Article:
Its as if the golf gods imposed their own handicapping system on the U.S. Open. Or they gave Jack Nicklaus control of the weather.
Whatevers going on, it isnt good for Tiger Woods and his bid to win a 15th major championship title.
Shortly after Woods putted out Friday morning, the sun broke through to chase away the gray clouds and some miserable weather.
The championships typically punishing test turned into a sweet melody.
Sunshine, lollipops and rainbows, everything thats wonderful is what I feel . . .
You could swear you heard Lucas Glover, Ricky Barnes and Mike Weir humming that old Lesley Gore tune from the 1960s in the afternoon as they scorched the course in birdie blitzes under heavenly blue skies.
You know that tune, the one Nike resurrected in a commercial this spring to capture the fun PGA Tour pros were having while Woods was away mending his knee. Well, they were having fun again Friday with Woods unable to do anything about it from wherever hes making his home in New York this week.
Glover led the suspended second round at 6 under when play was halted due to darkness. Glover, who opened with a 1-under-par 69, was through 31 holes when the horns sounded to stop play at 8:24 p.m.
Barnes was second at 5 under through 27 holes with Weir 4 under through 27 holes and Peter Hanson 4 under through 29 holes.
Phil Mickelson also thrived in the sun and in the warmth of all those New Yorkers who adore him. Hes 1 under and tied for 12th through 29 holes.
David Duval opened with a 67 and also is at 1 under through 30 holes.
With Mickelsons wife, Amy, home after being diagnosed with breast cancer, Mickelson is getting an extra dose of Big Apple love.
The people here have treated me and Amy and my family so well, its amazing, Mickelson said. I just love playing golf here.
Play will resume at 7:30 a.m. on Saturday.
Nobody has yet to complete two rounds. Woods is among 78 players who have yet to start the second round. Hes scheduled to go off at 10:06 a.m. on Saturday, but theres more fuel for cosmic conspiracy theorists. The forecast calls for a 30 percent chance of morning showers and more than a 50 percent chance of afternoon showers followed by possible thunderstorms.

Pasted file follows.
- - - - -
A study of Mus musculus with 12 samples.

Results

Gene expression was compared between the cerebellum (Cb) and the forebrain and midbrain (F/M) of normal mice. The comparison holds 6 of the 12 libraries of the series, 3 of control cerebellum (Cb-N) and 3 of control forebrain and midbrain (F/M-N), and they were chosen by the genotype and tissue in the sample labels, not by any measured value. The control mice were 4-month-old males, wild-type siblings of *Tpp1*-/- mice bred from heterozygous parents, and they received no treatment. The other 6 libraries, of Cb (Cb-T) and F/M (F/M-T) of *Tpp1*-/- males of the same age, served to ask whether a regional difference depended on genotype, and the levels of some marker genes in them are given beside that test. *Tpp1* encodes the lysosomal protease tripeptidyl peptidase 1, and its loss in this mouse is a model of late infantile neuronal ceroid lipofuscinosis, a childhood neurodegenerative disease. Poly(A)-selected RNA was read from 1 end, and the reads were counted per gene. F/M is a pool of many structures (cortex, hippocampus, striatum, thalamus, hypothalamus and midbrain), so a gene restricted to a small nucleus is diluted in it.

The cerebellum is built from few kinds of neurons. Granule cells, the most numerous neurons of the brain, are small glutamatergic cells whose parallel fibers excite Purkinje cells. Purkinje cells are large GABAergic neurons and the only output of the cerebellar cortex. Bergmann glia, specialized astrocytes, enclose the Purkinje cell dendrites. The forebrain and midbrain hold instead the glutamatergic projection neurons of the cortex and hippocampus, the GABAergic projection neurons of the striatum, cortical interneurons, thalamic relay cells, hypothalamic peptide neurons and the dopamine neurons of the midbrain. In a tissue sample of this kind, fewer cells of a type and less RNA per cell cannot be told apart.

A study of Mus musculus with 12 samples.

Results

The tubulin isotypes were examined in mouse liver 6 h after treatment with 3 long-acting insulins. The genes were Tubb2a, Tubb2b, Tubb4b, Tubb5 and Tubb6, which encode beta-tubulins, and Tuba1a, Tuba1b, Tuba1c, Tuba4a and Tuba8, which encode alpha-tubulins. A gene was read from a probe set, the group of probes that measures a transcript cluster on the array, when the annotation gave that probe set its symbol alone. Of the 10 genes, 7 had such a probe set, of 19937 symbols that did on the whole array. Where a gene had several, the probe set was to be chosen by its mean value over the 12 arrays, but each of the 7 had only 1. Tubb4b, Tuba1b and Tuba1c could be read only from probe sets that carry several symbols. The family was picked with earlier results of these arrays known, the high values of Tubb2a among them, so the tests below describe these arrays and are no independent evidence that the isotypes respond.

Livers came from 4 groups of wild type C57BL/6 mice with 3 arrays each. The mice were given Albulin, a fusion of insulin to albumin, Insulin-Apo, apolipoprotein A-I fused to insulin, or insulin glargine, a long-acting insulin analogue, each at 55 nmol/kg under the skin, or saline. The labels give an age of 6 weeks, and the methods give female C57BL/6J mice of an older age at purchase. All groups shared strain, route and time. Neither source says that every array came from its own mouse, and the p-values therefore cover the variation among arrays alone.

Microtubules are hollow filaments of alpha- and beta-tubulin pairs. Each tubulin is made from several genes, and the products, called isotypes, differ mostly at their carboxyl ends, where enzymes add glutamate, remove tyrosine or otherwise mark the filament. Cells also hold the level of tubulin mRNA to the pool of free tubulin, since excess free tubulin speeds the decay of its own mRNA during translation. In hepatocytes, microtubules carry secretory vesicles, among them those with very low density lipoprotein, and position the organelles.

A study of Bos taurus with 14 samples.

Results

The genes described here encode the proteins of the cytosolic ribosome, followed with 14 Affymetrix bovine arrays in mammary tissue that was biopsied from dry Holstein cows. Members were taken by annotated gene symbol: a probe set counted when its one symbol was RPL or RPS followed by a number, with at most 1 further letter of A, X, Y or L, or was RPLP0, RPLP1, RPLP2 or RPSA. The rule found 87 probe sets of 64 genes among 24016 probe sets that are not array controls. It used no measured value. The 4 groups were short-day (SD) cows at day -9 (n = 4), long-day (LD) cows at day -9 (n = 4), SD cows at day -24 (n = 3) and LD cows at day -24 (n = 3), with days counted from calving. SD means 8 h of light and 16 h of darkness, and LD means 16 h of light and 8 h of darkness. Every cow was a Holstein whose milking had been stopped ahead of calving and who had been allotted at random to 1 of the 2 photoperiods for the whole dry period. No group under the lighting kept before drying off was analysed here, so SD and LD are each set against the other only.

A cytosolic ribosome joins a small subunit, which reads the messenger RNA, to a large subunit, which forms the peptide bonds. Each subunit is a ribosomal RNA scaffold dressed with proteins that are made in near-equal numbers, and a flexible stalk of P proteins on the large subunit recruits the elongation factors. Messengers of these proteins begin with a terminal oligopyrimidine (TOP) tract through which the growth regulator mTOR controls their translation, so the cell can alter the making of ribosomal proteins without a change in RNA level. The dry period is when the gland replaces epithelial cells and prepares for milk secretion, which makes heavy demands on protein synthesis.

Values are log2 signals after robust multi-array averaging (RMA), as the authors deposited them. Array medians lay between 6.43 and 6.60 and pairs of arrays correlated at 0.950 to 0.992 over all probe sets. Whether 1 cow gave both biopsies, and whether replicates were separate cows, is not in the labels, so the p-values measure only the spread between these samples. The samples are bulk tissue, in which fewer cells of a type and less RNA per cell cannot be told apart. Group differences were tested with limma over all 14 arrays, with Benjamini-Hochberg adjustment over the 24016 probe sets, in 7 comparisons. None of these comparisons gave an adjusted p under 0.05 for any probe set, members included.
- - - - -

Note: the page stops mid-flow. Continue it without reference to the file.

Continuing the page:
When Woods finally starts the second round, he could find himself in miserable weather again.
Woods was 10 shots back when the first round was complete. Nobodys ever come back from 10 shots down after the first round to win a U.S. Open.
I wasnt playing poorly, thats the thing, Woods said.
Woods made two bogeys and a double bogey over the final four holes of the first round to shoot 74 in the morning.
It was right there where I needed to be, and two bad shots and a mud ball later, here we go and Im at 4 over, Woods said.
Woods played his first six holes Thursday in rain and wind, and then finished up early Friday morning on a muddy, water-logged course.
The U.S. Golf Associations history of not playing lift, clean and place frustrates some pros.
Its frustrating you can hit a good ball and be lucky to have a good shot, Zach Johnson said after shooting 75 in the first round. You can hit the ball in the middle of the fairway and have a mud ball. I don't understand the premise behind hitting a good shot and luck determines whether you have a shot.
Like Woods, Johnson got stuck with the worst of the tee times. He believes the PGA Tour would have started the championship under lift, clean and place rules.
They call it lift, clean and cheat but that's not the case if everyone is playing it, Johnson said. I mean, the best Tour in the world is plays it.
Mickelson wasnt complaining.
I got the good end of the tee times, Mickelson said. We had some great conditions to play golf and make some birdies.
In Thursdays miserable weather, when play was suspended with nobody through 12 holes, Mickelson never even teed off. While Woods was slogging it around in the rain, Mickelson was at the movies, watching The Taking of Pelham 123, then off to Borders to buy some books and DVDs.
I went and worked out, too, Mickelson said. I dont want to leave that out.
It must have driven Woods batty watching how conditions changed after he finished play on Friday.
Weir, the 2003 Masters champion, opened with a 64 in the first round, one shot off the U.S. Open record. He was 6 under through his first 14 holes, which had the galleries abuzz over the possibility of seeing the first 62 in major championship history. He double-bogeyed his 15th hole but closed with a pair of birdies.
Definitely, our side of the draw really got an advantage, Weir said. Thats the way it works sometimes.